KBO branding! (Mori Chan, Flickr via Wikimedia Commons)
The Pittsburgh Pirates, for just a shade north of $5 million, won negotiating rights for Korean infielder Jung-ho Kang. This move has virtually no bearing on the Mariners and may prove to have little bearing on the Pirates or Major League Baseball in 2014. Truth is, nobody really knows what Kang might do in the major leagues, and that's the main point of this post.

Here is what's known about Kang. He has played in the Korea Baseball Organization (KBO, South Korea's equivalent of MLB) and walloped pitchers for years. This past season Kang posted an absurd .356/.459/.739 triple slash line with 40 home runs in 117 games. He also posted these monstrous numbers while playing shortstop. Shockingly, Kang was named MVP.

The KBO does not feature the same talent level as Major League Baseball, or Japan's professional leagues for that matter. However, after that, it's hard to find a much better league. Furthermore, South Korea has shown well in the World Baseball Classic, for what that is worth. The real challenge here for statisticians and scouts alike is that nobody has jumped from the KBO to the big leagues like Kang is poised to do. Unsurprisingly, scouting reports on him vary from potential impact bat in the middle of the diamond to mediocre reserve that lacks the tools to play shortstop or second base in the majors.

I am no more qualified than anyone else to pass judgement on Jung-ho Kang. In fact, I have not seen any video on him and I have no way of converting KBO stats into major league equivalencies. Google "Jung-ho Kang" and see if you can find more meaningful analysis of him as a player than I have already provided. Right now, I am more interested in the idea of Jung-ho Kang - and I am surprised the idea of Kang only cost a little more than $5 million to negotiate with. Other players shrouded in mystery - ideas, as I am calling them in this post - have fetched more money.

Let's start with the Mariners. They forked over $13 million in 2000 to talk to Ichiro, which in hindsight seems like a steal. It was. However, at the time, there had not been an impact bat that migrated to MLB from Japan, and Ichiro didn't necessarily have skills that would translate well. He lived off of of singles. He was a glorified slap-hitter. There was uncertainty over whether he could consistently make contact against MLB pitching and especially if he had the bat speed to pull big league fastballs. Still, the Mariners bet on the idea of Ichiro - that arguably the greatest hitter in Japanese history could also hit in the major leagues - and the bet worked out.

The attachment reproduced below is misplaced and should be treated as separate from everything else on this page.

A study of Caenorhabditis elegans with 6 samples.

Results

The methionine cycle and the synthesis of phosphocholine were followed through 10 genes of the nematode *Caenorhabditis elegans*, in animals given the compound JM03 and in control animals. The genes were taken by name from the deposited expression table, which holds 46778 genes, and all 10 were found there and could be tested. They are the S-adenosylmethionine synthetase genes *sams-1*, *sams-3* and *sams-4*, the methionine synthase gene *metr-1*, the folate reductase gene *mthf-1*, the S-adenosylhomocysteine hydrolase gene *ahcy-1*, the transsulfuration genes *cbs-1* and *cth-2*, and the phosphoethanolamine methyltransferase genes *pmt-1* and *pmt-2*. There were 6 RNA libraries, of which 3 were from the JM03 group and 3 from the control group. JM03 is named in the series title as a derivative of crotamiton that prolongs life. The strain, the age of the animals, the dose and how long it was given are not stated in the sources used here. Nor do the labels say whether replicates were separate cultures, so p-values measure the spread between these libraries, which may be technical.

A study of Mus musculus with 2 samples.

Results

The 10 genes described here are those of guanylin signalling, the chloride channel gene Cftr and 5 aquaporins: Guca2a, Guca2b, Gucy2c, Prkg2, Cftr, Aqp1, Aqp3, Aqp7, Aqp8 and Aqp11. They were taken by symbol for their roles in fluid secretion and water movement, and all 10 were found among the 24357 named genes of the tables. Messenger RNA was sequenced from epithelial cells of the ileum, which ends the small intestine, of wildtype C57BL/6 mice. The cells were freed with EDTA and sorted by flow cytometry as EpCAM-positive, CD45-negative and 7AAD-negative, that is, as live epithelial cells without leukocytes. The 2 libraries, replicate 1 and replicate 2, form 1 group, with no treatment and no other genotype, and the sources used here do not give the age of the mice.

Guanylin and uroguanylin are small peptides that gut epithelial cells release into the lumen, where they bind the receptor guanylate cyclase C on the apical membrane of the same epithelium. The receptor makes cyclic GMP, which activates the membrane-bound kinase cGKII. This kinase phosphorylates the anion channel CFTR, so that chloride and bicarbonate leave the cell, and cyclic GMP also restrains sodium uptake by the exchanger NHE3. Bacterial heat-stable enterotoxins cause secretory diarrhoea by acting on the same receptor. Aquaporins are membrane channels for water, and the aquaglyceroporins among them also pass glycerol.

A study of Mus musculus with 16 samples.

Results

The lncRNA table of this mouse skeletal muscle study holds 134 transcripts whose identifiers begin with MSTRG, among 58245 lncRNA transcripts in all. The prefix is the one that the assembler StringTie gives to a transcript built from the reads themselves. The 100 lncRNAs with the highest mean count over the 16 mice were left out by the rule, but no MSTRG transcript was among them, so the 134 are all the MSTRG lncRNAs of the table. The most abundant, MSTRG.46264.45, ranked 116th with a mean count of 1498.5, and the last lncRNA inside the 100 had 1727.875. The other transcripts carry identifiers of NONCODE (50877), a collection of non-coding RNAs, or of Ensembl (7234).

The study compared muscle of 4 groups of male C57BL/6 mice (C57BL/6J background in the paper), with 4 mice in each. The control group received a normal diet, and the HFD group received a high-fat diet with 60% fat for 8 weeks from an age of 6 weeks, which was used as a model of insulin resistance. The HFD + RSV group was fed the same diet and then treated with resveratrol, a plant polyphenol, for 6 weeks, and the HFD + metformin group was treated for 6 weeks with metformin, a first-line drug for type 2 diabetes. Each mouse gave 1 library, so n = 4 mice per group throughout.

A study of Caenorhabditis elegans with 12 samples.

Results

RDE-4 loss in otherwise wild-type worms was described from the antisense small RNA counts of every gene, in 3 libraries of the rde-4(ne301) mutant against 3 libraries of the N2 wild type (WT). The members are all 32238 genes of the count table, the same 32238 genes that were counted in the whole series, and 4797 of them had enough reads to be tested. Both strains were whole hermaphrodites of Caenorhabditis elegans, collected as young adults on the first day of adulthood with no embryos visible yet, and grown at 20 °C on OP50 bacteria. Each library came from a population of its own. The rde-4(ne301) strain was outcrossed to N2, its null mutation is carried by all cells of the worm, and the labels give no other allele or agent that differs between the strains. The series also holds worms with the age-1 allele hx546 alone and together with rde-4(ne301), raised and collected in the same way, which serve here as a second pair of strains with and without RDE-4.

Fast forward to Yoenis Cespedes and the Athletics. Cespedes was not the first Cuban to ever play in the Majors, but it was still surprising when he signed a 4 year, $36 million contract, particularly with the thrifty A's. Oakland couldn't have had great data to work with because of the nature of Cuban baseball and Cuban-American relations*. The general consensus is that Cuban baseball is among the best in the world, but measures of their greatness are very hard to discern given how little access they have to Americans and vice-versa. It's simply hard to get enough measuring sticks to known talents. The Athletics had to be sold on the idea of Cespedes - that a freakishly gifted athlete known as one of the best talents in Cuba could also emerge as a great player in MLB without much development. He did, and paved the way for the burgeoning contracts heaped upon Cubans, most recently Yasmany Tomas.

*At least up until this past week!

Kang is the latest unknown. A risk-averse franchise could easily justify passing on him. There is no way to know exactly how his skills will translate, or if they will at all. He could be a product of small ballparks. He could lack bat speed. Perhaps the MLB game will be too fast for him to adequate defend up the middle. These are all reasonable assumptions. They might all be probable outcomes. Baseball is largely a game of failure. A league-average batter makes outs twice as often as they reach base. Well less than half of players drafted, even in the first 10 rounds, ever even make the majors.

The high failure rate is exactly why more teams should have gambled on Kang's potential. The question, in my mind, is not so much how well Kang will do, but how much is worth investing in such an unknown in baseball's current climate. Team's can't spend like they used to in the draft, and the continued cashflow from baseball's obscene new TV contracts is driving free agent contracts up at rapid rates. Moreover, the analytics revolution in baseball have made both the amateur draft and free agency more efficient markets - in other words, marketplaces where teams are more likely to get what they pay for than ever before.

Kang represents the possibility for a market inefficiency - a bargain, in other words. Yes, he comes with risks, but really, how much of a risk did the Pirates take? What else could they have done with $5 million? For perspective, the Mariners will pay Willie Bloomquist $3 million this season. Willie Bloomquist, he of no power at all and mediocre middle infield defense. Kang will cost more, but he comes with much more upside. What if he can hit 15 dingers with middling defense at second base? Even with something like a .260 batting average and .320 OBP? That's an everyday second baseman in today's MLB environment, and everyday players are worth around $10 million on the open market these days.

Pittsburgh has bet on the idea of Kang - that a slugging shortstop from Korea can be an MLB contributor. Recent history has been kind to franchises that took these types of risks. There is a price point where the risk on Kang does not make sense, but it is north of $5 million in my eyes. Perhaps it will take a huge contract to sign him and he won't be a steal, but I doubt that. Pittsburgh just took a risk that many other teams should have taken.